Were they really?

Two types of architecture on some of our Christian college campuses suggest two strikingly different stances of evangelicals toward modern culture. On a number of campuses there is an “old main” building that looks like a Victorian conception of a medieval fort. Towers and parapets abound. Such imagery suggests that one attitude of evangelicals toward the modern world has been to make war on it. From the crusading forays of Wheaton College’s Jonathan Blanchard against slavery, Masonry, and Sabbath breaking to fundamentalist attacks on modernist theology and secular humanism, a constant theme in evangelical approaches to America has been militancy.

Recently, however, a far more popular architectural style among evangelicals has been the colonial. This motif suggests peacefulness, harmony, and tranquility toward the culture. It relates to the pervasive sense evangelicals have of a lost golden age. Colonial America is widely viewed as a time when the harmonies of Christian culture prevailed. The telling irony, however, is that such themes are suggested by borrowing the classical and Enlightenment architectural ideals of Thomas Jefferson.

Most people do not think they think about history, but these two attitudes toward America are based on evangelical views of history. Each is based more on what the Bible is seen as saying about the modern world than on historical analysis of modern culture itself. The stance of warfare reflects apocalyptic themes in Scripture, focusing on prophecies concerning the upheavals that will surround the approach of the millennial age. The theme of harmonies and lost harmonies reflects the covenantal ideal. America is viewed as, in effect, a new Israel, often blessed by God, but always in danger of destructive judgments. Recently these two views have often been combined in militant efforts to restore America’s lost Christian moral ideals. If the moral reforms are accomplished, America will be great again. If they fail, the judgments of God may mark the beginning of millennial upheavals. Such efforts are, of course, sometimes valuable.

Nonetheless, we should note how recent history is used in such popular views. Each of them begins with a fixed interpretation of the meaning of Scripture for contemporary history. Any actual historical study of American culture is then directed toward collecting illustrations that will fit the historical pattern already determined. Moreover, in such accounts evangelicals, especially American evangelicals, turn out to be privileged people. The actual evangelical heritage, accordingly, is seldom subjected to careful or balanced historical scrutiny.

Many of our nonevangelical contemporaries, finding such views of history self-serving and shallow, suppose that evangelicals simply have no regard for history as a serious critical discipline. Such a view of evangelicals as lacking a sense of history is plausible. Evangelicals indeed have rejected the reverence for history that prevails among our intellectual contemporaries. In this prevailing view, all reality often is reduced to just history. Human experience is regarded as best understood by analyzing the natural cultural and psychological processes that have shaped it. The Bible itself is viewed as just the expression of the historical experience of the Hebrew people. “Truth” is not fixed, but part of the historical stream itself, determined by social convention.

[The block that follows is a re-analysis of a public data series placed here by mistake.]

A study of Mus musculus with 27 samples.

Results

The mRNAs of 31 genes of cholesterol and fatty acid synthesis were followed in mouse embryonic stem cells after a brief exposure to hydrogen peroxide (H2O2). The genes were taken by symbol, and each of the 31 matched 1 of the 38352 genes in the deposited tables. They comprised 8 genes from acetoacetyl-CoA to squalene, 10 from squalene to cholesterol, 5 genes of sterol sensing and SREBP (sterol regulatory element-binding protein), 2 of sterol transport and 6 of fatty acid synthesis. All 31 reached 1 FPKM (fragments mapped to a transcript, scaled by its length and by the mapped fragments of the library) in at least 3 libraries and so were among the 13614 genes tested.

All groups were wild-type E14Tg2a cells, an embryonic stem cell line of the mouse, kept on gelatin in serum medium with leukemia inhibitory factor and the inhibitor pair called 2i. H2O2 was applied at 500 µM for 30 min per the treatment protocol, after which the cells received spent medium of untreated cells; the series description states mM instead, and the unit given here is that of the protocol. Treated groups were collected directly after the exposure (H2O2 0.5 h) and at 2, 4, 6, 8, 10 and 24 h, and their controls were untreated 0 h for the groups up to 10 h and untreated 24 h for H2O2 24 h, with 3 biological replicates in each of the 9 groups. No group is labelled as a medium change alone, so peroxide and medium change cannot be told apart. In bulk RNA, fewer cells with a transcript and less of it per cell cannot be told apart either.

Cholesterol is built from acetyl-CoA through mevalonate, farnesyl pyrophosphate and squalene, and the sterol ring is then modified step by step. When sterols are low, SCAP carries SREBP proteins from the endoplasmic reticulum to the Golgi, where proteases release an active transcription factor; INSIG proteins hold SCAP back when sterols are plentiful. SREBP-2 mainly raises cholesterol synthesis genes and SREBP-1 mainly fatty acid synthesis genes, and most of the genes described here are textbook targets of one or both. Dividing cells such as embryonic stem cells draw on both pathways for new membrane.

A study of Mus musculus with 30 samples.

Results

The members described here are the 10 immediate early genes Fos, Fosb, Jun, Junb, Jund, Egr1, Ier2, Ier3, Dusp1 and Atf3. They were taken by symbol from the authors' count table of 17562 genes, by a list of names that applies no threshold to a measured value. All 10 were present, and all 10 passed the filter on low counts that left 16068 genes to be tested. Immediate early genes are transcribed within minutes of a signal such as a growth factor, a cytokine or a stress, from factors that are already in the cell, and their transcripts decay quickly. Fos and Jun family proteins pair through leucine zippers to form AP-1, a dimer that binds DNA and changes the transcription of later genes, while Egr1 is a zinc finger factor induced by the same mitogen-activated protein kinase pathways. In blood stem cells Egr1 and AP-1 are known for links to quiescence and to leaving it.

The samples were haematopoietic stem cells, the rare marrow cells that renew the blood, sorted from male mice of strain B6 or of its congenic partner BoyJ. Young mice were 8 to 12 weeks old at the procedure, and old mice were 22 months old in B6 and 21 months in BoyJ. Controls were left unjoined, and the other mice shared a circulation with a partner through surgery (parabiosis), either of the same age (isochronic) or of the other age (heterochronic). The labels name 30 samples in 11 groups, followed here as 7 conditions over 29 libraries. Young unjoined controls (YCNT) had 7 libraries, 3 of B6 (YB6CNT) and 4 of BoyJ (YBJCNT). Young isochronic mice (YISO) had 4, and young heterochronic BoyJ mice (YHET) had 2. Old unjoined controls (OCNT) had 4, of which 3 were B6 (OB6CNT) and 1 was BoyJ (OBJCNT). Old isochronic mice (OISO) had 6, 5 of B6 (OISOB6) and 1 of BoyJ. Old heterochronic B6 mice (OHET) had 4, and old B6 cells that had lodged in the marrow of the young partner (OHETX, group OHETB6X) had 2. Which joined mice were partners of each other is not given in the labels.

Can we not, however, find a balance between these two extremes—between views that lack critical historical analysis of our own traditions and those that reduce everything to history? On what principle can we adopt modern standards for cultural analysis without adopting the antisupernaturalism and cultural relativism they so often involve?

The Incarnation should be our model in answering these questions. Knowing the incarnate Christ, the historical Jesus of Scripture, commits us to a view of reality and of history. This incarnational view rules out some of the assumptions of prevailing contemporary views of history, but it leads us to appreciate some other of its qualities. First, our faith in the Incarnation tells us that reality cannot be reduced to just human history. A starting point for thought for those who know Christ is that reality involves more than just humanity and nature. We cannot say with Carl Sagan, “The cosmos is all that is or was or ever will be.” Rather, we begin our thought with the affirmation that God created the cosmos and enters its history. Second, and closely related, is that we do not need to accept the popular twentieth-century belief that fixed truth cannot be found in historically conditioned circumstances or statements. Faith in Christ’s incarnation presupposes otherwise. Although Christ appears in real human culture and history, his life and words reveal eternal truths, even if we can understand them only imperfectly. The same applies to Scripture.

Finally, and on the other hand, our starting point in the Incarnation should impel us to take ordinary human history with complete seriousness. Christ did not just appear to be human, he was fully human. The Holy Spirit does not just appear to work through ordinary cultural circumstances in the church’s history. These circumstances are crucial means through which he works. Christians therefore should study human cultural developments with utmost care and not be afraid to apply the tools of historical scholarship to their own traditions. Our incarnational starting point commits us to the assumption that God works through the ordinary and even through the uncomely. We need not fear, therefore, to look critically at our own traditions, warts and all.